Picking yourself up by your bootstraps doesn’t just refer to recovering after a disaster. It also means pushing hard, every day, to make the most of your company’s potential. It means never allowing your business to coast—you’re always pushing forward!
After you’ve done your homework and received initial funding, the serious work of a small business owner begins. Establishing, buying, or expanding a small business takes ingenuity, persistence, and a whole sequence of smart decisions.
If your business is like most, one of those decisions is to prioritize ways of squeezing all the value you can from tight resources. And you’ll need capital to operate the business consistently. To weather unexpected financial headwinds. To grow the business in ways you didn’t anticipate. To take advantage of opportunities.
That means optimizing income and expenses. It means finding new ways to maximize revenue and minimize costs—without sacrificing product quality, marketing or client relations. It’s a tall order, admittedly. But consider these possibilities for bootstrapping your way to success:
- Contractors: As your business grows, you’ll need to bring on new people. Instead of adding to your employee headcount, consider engaging one or more contractors. You save on the cost of training and benefits and can schedule contractors around your busy periods. It’s also a great way to spot potential new employees for when you do need to hire more staff.
- Unused capacity: If your plans call for growing into a space eventually, chances are you’ve got square footage that’s not producing revenue right now. You may be able to rent out extra facilities—like, say, an unused office suite—without pinching your company’s growth. And the revenue goes right to the bottom line. Similarly, if you have expensive production equipment that isn’t operating at full capacity yet, consider leasing the excess capacity to another business.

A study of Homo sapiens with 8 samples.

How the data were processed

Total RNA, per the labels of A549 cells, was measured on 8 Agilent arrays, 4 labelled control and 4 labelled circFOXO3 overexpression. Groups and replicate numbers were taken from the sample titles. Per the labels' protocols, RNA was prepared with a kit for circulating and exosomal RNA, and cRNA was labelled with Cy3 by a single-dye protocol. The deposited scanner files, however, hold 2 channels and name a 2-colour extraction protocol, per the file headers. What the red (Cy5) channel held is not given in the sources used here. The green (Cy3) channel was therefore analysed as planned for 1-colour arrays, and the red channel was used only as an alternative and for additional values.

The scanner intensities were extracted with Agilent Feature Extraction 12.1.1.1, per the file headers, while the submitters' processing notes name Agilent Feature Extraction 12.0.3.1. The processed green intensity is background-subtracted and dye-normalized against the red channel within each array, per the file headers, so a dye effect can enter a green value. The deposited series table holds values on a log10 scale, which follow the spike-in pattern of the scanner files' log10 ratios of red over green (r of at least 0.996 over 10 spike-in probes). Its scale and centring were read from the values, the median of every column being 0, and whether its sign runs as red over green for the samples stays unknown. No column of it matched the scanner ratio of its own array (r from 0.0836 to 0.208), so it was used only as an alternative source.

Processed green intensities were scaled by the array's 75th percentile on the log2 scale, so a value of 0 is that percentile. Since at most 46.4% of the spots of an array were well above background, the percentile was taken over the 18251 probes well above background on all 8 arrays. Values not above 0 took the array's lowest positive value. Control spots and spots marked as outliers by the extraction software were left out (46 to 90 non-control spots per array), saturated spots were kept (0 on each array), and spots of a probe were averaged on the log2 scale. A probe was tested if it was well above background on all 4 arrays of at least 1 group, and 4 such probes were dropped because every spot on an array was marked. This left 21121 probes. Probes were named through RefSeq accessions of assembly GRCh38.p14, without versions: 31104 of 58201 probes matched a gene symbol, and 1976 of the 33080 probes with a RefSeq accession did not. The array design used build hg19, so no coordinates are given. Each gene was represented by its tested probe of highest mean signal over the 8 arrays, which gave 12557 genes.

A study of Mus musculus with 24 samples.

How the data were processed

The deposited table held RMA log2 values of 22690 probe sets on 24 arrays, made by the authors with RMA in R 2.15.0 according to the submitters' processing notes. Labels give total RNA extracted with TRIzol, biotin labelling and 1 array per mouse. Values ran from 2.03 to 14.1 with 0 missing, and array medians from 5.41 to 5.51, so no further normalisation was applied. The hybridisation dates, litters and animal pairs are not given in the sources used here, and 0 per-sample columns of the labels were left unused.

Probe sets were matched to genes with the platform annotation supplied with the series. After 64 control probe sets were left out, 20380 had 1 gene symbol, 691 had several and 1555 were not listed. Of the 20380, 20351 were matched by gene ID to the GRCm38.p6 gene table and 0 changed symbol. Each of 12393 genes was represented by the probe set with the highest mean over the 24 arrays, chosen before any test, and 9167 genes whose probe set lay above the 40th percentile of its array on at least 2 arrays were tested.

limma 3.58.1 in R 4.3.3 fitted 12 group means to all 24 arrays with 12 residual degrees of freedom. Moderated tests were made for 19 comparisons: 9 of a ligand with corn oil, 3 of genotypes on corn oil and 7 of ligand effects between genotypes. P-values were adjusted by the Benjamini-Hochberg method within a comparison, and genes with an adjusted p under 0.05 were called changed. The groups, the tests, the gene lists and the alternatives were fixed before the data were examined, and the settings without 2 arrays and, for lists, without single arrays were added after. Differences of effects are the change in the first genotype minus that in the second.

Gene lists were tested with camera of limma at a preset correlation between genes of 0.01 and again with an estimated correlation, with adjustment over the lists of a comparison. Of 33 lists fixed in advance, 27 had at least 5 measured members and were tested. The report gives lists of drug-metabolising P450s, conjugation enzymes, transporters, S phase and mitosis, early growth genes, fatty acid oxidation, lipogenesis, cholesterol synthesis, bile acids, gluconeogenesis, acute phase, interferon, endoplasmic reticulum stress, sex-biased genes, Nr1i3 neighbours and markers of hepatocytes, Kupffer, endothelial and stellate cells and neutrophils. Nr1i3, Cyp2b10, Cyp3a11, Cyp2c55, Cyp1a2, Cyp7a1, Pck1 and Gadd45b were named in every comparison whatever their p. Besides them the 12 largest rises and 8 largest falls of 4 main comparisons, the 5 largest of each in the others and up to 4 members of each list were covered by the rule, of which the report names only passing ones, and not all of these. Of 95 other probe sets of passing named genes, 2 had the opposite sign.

- Advertising: Your website is an asset. The side of your building is an asset. In some circumstances, you can use these to rent ad space to other businesses that are aligned with yours. If you pick your potential advertisers creatively, you may be able to generate added revenue or trade out for goods and services you’d otherwise need to buy.
- Repackage: Your product or service appeals to a defined target. By expanding your definition of the audience, you can sell more. Maybe that means widening your geographic target. Or finding new uses for your core product or service. Again, think creatively. By tweaking your offerings only slightly, you can expand the universe of who you sell to. And create a whole new revenue stream in the process.
- Discount strategically: It’s not a new idea. Existing customers will buy more of your product or service if you give them an incentive to do so. Prospects who don’t buy from you will check out your business if you offer a clear reason to try it.